If you’re a fan of the Football Manager game series then having to play matches in consecutive days won’t be foreign to you. In the real world, however, it is almost unheard of. Yet, next month, Liverpool face this very dilemma.
Their Carabao Cup quarter-final clash with Aston Villa is to be played on December 17 while their Club World Cup semi-final is scheduled for December 18, in Qatar. The Reds confirmed the clash with the Villans would not be moved to a later date.
“Liverpool Football Club can confirm our Carabao Cup quarter-final tie at Aston Villa will take place on Tuesday December 17, 2019,” the club said in a statement.
“As a result, we will be utilising two playing squads simultaneously, with one squad participating in the FIFA Club World Cup in Qatar and another in the Carabao Cup.
“The club would like to take this opportunity to underline that while this is not an ideal scenario, it is an outcome which was arrived at with the best interests of the competition, our fellow clubs and ourselves as the sole motivating factor.
“We would like to thank the EFL for their efforts to accommodate us and we can confirm alternative dates were discussed, but ultimately none were considered suitable without compromising the scheduling of the competition itself or placing an undue strain on our playing staff.”
Jürgen Klopp is expected to take the first-team to Qatar, with Liverpool looking to claim their first-ever Club World Cup, while assistant coach Pep Lijnders is the favourite to manage the second-team at Villa Park.
Alisson voiced his frustration at the scheduling after the win over Genk: “It’s ridiculous. Football here is so organised and then things like this happen. No one likes this because it’s going to be difficult. Klopp has already said we’re going to play two different teams. This is not ideal for us.
“We want to give our best and it helps when we have an organised schedule but it’s what we have. If I was playing in the Carabao Cup I would be very frustrated because it’s an opportunity for players who are not having much playing time, so this situation bothers us in the dressing room, for sure. We want to give it all in all competitions.”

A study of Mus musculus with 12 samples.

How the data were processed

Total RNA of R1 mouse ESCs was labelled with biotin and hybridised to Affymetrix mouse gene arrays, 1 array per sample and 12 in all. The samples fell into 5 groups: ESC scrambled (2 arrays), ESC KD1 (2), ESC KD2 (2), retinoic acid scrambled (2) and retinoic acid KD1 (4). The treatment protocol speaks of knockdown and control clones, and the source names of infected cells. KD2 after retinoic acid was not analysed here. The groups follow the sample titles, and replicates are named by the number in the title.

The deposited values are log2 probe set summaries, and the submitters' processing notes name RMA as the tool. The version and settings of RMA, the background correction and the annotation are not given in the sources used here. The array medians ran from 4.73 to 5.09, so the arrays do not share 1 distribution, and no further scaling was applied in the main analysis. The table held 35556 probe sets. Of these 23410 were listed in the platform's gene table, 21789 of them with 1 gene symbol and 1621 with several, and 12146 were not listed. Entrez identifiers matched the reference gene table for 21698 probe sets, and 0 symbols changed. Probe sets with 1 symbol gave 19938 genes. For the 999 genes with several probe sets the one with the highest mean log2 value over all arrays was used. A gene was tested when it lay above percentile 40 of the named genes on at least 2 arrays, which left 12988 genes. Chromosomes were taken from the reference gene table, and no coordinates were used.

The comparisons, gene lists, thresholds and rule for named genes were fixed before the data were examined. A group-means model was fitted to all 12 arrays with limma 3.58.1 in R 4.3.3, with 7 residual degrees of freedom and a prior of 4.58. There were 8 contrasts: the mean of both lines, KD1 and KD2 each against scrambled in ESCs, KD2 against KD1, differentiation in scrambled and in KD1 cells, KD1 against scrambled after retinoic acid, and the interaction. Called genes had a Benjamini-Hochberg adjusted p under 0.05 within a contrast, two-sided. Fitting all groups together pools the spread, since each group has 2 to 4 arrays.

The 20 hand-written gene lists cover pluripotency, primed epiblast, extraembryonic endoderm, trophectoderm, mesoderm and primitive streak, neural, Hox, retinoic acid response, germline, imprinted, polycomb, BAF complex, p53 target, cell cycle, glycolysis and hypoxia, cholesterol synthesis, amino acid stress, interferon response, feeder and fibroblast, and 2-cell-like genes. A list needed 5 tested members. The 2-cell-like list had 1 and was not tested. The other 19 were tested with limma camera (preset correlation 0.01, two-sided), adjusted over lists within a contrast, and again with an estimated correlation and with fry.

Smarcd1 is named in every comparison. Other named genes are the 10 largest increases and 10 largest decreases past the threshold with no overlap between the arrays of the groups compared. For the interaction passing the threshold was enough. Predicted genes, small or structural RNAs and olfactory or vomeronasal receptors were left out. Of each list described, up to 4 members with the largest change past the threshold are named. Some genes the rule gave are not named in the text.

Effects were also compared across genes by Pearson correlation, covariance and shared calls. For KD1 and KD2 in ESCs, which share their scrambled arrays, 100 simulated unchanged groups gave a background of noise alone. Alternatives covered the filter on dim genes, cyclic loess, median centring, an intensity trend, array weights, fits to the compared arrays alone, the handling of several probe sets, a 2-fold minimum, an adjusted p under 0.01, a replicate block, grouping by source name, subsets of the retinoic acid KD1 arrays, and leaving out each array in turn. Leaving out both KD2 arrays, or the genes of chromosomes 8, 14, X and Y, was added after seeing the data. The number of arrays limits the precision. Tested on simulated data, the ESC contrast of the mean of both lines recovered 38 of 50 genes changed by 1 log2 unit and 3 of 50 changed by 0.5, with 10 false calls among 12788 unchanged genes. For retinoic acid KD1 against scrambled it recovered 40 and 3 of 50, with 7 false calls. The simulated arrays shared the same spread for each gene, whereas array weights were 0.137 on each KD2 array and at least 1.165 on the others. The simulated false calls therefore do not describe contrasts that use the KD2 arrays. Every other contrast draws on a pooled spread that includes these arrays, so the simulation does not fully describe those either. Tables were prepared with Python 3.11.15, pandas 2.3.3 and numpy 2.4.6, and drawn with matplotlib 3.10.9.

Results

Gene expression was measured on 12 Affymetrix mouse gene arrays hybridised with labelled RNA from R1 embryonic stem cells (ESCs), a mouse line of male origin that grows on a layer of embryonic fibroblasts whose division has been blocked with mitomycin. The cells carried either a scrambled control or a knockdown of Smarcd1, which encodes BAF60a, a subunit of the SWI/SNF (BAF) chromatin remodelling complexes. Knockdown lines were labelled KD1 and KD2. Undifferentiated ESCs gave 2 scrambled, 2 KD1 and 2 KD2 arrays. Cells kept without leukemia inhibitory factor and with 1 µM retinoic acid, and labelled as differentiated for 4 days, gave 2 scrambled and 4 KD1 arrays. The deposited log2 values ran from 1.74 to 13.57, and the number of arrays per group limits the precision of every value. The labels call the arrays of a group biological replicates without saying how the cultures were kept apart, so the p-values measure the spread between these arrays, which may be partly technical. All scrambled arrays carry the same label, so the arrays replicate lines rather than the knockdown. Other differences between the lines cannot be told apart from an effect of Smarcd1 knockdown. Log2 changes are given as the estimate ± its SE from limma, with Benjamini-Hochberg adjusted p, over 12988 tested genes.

Talk has turned to how the Reds will juggle these two games in terms of team selection. At the start of the season, debate centred around whether or not Liverpool had the squad depth to handle going far in the Champions League as well as competing for the title after deciding not to make any additions during the summer. That question still lingers and there won’t be a definitive answer until the end of the season.
But, without meaning to sound disrespectful, the Club World Cup and the Carabao Cup aren’t either of those competitions. The bar is lower and the current squad is more than capable of navigating both matches.
The simple solution would be to take the first-team to Qatar and leave the kids behind to face Aston Villa. It makes the most sense and gives the players who helped the Reds reach this stage the chance to impress again.
However, the smartest solution might well be to mix and match. In all honesty, Liverpool should be able to beat any team they face off against in the semi-final of the Club World Cup. Even if Klopp picks his best XI, there are still a host of players who miss out.
The likes of Alex Oxlade-Chamberlain, Naby Keïta, Joe Gomez, Adam Lallana, James Milner, Xherdan Shaqiri and Divock Origi don’t make that cut right now. They could all, in theory, stay in the UK for the trip to the Midlands before flying to Qatar for the final.
Klopp could name his tried-and-tested side with Liverpool’s starting XI against Villa made up of those seven players, plus Caoimhín Kelleher, Harvey Elliott, Sepp van den Berg and Ki Jana Hoever.
If Klopp wanted a stronger squad in Qatar then he can pinch one or two from that XI and Lijnders would be able to give opportunities to Curtis Jones and Rhian Brewster. Of course, this plan is only a success if Liverpool are able to beat their semi-final opponent and progress to the final.
In truth, this is an inconvenience but it’s also an opportunity. It’s a chance for various members of the squad to get first-team minutes under their belt while potentially carving out a role for themselves in the squad.